LEADERSHIP SERIES: Research suggests that Sales Leadership is the difference maker between good performance and superior performance. And how sales leaders embrace five essential roles is critical to the success of their teams. We hope you find this series of short informal discussions around sales leadership useful and thought-provoking.
Weekly Sales Huddles: What They Are, Why They Matter, and How They Can Help Your Sales Department Find New Revenue
As salespeople and managers go, few things are as dreaded as regular sales meetings. Very frequently, they are a hassle for supervisors to put together, and often a waste of time for the producers who have to attend. Couldn’t there be a better way to stay in touch with your sales team and train them on the things that matter?
It turns out there is, it just takes a little different way of thinking. Over the course of our decades of experience working with sales departments, we have found that meetings can work, but only when they have the right tone and format. To turn your once-a-week get-together into a more dynamic exchange, we recommend you try something we call the weekly sales huddle.
Here’s how it works:
Set your weekly sales huddle for a time when you’re salespeople would have difficulty reaching their clients prospects anyway (we like Monday mornings, but your timing may vary). This is to discourage producers from skipping out on them because they have other important work to do.
Limit them to 20 minutes, no longer. These are meant to be a “shot in the arm” for your sales team, not a full-blown training exercise. Besides, keeping things short will encourage you and your team to be brief and crisp, which is good for your energy level.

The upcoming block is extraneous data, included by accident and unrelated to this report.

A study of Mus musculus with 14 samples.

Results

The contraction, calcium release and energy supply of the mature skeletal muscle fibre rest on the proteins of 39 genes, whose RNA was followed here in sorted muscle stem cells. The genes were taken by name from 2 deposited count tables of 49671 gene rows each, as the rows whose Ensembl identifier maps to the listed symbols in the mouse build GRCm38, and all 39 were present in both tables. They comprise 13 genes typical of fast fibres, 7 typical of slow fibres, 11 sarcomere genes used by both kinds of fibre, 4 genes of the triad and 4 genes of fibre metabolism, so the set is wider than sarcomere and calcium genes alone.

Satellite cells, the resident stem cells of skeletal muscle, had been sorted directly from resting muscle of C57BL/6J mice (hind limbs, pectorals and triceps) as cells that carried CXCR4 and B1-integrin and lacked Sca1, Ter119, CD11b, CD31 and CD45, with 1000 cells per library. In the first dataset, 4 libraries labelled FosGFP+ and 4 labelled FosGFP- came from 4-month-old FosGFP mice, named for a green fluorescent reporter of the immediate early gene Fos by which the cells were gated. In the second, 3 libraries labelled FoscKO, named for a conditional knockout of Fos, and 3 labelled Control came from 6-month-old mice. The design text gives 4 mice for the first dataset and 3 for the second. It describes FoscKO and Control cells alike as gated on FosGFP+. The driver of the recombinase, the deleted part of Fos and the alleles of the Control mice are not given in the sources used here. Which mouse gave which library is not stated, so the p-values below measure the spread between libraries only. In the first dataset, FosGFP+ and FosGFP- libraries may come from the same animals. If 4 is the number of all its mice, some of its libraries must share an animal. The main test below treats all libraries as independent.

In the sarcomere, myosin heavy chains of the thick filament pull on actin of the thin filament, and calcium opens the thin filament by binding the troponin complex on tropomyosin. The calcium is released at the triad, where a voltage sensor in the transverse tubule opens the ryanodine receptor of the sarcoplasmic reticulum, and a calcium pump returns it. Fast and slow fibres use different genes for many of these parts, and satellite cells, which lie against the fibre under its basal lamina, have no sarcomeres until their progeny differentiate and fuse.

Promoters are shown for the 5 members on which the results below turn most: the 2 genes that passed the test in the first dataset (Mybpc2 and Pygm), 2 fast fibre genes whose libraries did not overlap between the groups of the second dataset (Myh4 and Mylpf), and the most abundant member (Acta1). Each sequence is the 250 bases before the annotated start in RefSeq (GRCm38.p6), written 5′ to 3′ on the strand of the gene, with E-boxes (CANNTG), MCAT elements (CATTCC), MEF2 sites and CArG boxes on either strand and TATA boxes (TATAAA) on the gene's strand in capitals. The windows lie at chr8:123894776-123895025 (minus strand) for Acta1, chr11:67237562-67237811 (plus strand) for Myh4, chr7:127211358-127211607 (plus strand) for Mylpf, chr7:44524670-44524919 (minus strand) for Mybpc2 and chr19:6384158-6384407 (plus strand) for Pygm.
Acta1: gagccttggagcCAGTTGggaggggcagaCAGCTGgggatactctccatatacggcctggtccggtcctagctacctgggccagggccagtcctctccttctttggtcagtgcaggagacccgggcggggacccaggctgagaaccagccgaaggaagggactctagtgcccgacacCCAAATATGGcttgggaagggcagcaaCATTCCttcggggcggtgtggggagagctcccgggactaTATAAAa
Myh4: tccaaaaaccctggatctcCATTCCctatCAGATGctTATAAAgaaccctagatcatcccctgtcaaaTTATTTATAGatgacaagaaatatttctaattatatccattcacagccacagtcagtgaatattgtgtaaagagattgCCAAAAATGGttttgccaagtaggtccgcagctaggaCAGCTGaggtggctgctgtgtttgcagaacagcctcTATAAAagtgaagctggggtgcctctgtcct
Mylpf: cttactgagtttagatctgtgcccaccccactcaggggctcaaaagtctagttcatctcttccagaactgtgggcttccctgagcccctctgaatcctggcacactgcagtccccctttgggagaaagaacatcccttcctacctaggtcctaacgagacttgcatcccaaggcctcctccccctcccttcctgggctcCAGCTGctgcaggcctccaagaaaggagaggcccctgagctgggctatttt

Give each sales person in your team the opportunity to talk about what’s working, what isn’t, and the challenges they are facing in the field. Having the chance to share opportunities and problems with each other and in their own words is a great way to not only identify potential problems, but also to get your salespeople sharing ideas and solutions with one another.
However, ask each person to speak for two minutes or less. Again, you don’t want your weekly sales huddle to disintegrate into a chat over coffee, or a two-hour complaining session. Raise ideas, get feedback and solutions, and then move on. If the problem is really that big or important, you can always schedule another meeting for later or talk about it next week.
If you’ve been looking for a cure to the common sales meeting, the weekly sales huddle could be just the thing to re-energize your team. Bring up the concept with your producers and give it a try – you might be shocked at what 20 minutes can do for their energy level and enthusiasm.